Late adulthood is the stage of human development which usually begins at the age of 60 and ends with one’s death.
Having been through the vicissitudes of life, late adulthood ushers in a significant milestone for the geriatric population. Their psychosocial needs entail a broad spectrum –from focus on health; spending time with family and friends; pursuing emotional satisfaction and gratification; reflecting on life and seeking meaning; staying productive; having control on life; coping with the challenges of old age; seeking spiritual solace; to reminiscing significant memories and life events.
Considering this is the last phase of one’s life, an in-depth understanding is required so that the society can generate efforts to make this part more fulfilling and meaningful. We also provide Meditation sessions for that.
It is not only the physical and cognitive ailments that can cause distress to the geriatric population but also unmet psychosocial needs. And thus, certain theories have been put forth to better explore the latter.
As per Erik Erikson’s psychosocial stages, the eighth and the final stage that one faces during late adulthood is that of Integrity v/s Despair. If one has resolved the previous seven stages healthily then one is likely to experience satisfaction during the final stage. When the opposite happens, despair ensues. Life review i.e. looking back at experiences, evaluating and interpreting (and often reinterpreting) them is very prominent during this stage. This activity can be quiet or intense and involves personal, interpersonal and sociocultural dimensions. One can look at both the positives and negatives for a more wise and mature understanding of the life lived.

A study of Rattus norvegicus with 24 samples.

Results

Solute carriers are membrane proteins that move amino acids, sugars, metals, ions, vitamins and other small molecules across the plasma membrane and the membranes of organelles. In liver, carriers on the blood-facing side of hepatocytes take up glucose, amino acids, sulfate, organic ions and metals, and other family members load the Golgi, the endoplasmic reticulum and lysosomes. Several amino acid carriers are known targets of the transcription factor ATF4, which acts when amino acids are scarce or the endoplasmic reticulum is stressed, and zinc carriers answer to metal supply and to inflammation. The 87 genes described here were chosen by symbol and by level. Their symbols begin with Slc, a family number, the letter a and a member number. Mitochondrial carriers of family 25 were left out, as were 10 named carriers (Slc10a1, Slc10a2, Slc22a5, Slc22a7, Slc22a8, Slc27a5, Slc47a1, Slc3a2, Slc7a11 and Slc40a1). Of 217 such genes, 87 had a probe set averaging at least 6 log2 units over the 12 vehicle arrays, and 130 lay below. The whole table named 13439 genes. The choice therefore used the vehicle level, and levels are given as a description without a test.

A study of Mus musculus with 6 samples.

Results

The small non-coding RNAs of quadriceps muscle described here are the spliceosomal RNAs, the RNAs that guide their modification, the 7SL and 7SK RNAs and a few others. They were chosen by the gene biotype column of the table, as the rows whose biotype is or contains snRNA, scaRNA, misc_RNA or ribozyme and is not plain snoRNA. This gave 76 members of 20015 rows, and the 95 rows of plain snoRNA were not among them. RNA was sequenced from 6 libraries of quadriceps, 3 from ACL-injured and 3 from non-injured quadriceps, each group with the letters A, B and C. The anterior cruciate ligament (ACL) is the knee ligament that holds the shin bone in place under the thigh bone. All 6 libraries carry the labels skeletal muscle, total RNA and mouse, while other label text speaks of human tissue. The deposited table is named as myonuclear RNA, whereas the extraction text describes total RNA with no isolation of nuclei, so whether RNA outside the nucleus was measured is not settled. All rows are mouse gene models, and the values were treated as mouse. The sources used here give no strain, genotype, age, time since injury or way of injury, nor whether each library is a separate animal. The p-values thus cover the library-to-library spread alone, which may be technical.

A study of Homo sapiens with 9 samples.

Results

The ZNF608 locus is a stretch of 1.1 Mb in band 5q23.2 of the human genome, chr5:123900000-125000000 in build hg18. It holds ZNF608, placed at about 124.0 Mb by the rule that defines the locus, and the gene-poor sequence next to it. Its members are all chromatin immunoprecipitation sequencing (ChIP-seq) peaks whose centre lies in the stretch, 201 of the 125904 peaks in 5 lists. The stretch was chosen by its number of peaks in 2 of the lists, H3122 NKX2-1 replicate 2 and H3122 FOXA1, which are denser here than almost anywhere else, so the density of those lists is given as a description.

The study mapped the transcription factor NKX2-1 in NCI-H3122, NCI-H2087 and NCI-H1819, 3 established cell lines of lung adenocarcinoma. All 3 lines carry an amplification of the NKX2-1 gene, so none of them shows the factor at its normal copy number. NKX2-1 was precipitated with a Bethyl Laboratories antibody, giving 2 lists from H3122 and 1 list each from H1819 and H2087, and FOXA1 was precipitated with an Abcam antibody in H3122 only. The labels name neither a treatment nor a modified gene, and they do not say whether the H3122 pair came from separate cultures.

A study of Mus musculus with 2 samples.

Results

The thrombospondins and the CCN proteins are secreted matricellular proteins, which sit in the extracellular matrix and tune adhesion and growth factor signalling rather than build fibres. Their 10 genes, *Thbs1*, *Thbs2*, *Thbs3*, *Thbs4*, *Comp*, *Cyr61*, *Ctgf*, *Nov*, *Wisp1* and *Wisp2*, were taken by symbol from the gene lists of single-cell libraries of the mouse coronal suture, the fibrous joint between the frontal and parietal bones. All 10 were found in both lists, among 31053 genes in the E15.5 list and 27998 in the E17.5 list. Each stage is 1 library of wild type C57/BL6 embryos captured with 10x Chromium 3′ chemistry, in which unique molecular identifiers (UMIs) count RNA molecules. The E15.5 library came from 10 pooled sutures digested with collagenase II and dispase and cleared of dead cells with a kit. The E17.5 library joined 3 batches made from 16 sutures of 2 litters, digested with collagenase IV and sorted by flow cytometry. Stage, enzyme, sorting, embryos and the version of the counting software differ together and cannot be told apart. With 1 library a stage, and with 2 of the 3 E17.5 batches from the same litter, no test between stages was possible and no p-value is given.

The Activity Theory states that the more active and involved one is in the society’s doings, the more satisfied one feels during late adulthood. The theory encourages continuing one’s role of middle adulthood into the late stage and to those who have been stripped of these roles (through retirement), it advises to find substituting roles.
We often find the old very vary of forming new bonds and they tend to spend more time in the fulfilling relationships already established. Thus, we see that they are selective when it comes to social networking and spend more time with the familiar to increase positive emotions. This aspect of late adulthood has been put forth by the Socioemotional Selectivity Theory.
Selective Optimization with Compensation Theory focuses on three main factors – selection, optimization and compensation. Selection is based on the idea that older adults experience a loss in their functioning and this requires them to reduce their performance in many domains (a reputed athlete may have to participate in fewer events as he/she ages). Optimization involves practicing regularly and making use of technology to stay efficient in certain areas (the athlete can spend more time practicing and making the use of certain sport-related technological aids to increase performance levels). And lastly, compensation becomes relevant when life tasks require more than one’s capacity (the athlete can exert slowly in the beginning and then gradually increase his efforts or start with increased efforts initially and then slow down, whichever works better). This theory is helpful when it comes to managing and adapting to losses.